Russia to open duty-free shops selling Western imports to foreign diplomats | Russia

Russia will introduce duty-free shops selling Western imports to diplomats for foreign currency in a practice that will remind many Russians of the infamous beryozka stores that embodied official privilege in Soviet times.

The stores, which could open as early as the fall, will sell imported products that may become hard to find in ordinary Russian stores as foreign brands flee the country due to the war in Ukraine.

But to make a purchase, visitors will need to provide an official document proving that they are a foreign diplomat, an employee of an international organization or a family member. And stores will also accept payments in dollars and euros, mimicking the beryozka the function of stores as magnets for foreign currencies.

“It’s a total USSR!” wrote Sergei Smirnov, editor of Russian media outlet Mediazona, who wrote about the legislation after it was announced in Russia’s official parliamentary newspaper.

Western brands have already become harder to find in many stores in Russia. Shoppers flocked to stores owned by big brands like H&M as the Swedish clothing retailer reopened this week in one last sale of its inventory before leaving the country for good.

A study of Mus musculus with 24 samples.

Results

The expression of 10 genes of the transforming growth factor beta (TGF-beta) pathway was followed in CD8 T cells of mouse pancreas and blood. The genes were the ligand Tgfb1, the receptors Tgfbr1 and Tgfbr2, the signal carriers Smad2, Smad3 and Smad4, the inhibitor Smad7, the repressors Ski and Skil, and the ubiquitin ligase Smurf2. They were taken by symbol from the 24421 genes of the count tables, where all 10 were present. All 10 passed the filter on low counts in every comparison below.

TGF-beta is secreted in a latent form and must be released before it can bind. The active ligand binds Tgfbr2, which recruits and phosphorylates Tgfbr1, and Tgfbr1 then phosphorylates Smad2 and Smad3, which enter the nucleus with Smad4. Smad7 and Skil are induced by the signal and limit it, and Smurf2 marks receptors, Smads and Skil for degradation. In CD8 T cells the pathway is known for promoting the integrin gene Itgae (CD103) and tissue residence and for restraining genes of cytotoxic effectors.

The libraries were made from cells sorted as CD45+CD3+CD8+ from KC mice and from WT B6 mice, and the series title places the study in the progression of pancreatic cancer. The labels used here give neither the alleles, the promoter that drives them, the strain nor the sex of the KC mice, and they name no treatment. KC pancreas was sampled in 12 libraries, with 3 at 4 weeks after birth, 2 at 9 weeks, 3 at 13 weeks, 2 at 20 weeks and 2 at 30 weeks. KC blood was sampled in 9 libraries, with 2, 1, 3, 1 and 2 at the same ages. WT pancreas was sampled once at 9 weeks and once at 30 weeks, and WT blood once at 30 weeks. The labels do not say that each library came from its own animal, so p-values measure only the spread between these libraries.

It is not yet clear whether electronics will include products such as iPhones, which are no longer directly imported into Russia.

The Foreign Office has been considering opening a duty-free shop for foreign diplomats since at least 2015, after Russia banned many European food imports as part of its counter-sanctions program following the annexation of Crimea , according to Russian media.

In a 2014 letter obtained by Russian news site, Russian Foreign Minister Sergei Lavrov said the stores would help reduce “financial losses and delays” associated with delivering goods to foreign diplomatic missions in Russia, Radio Free Europe reported.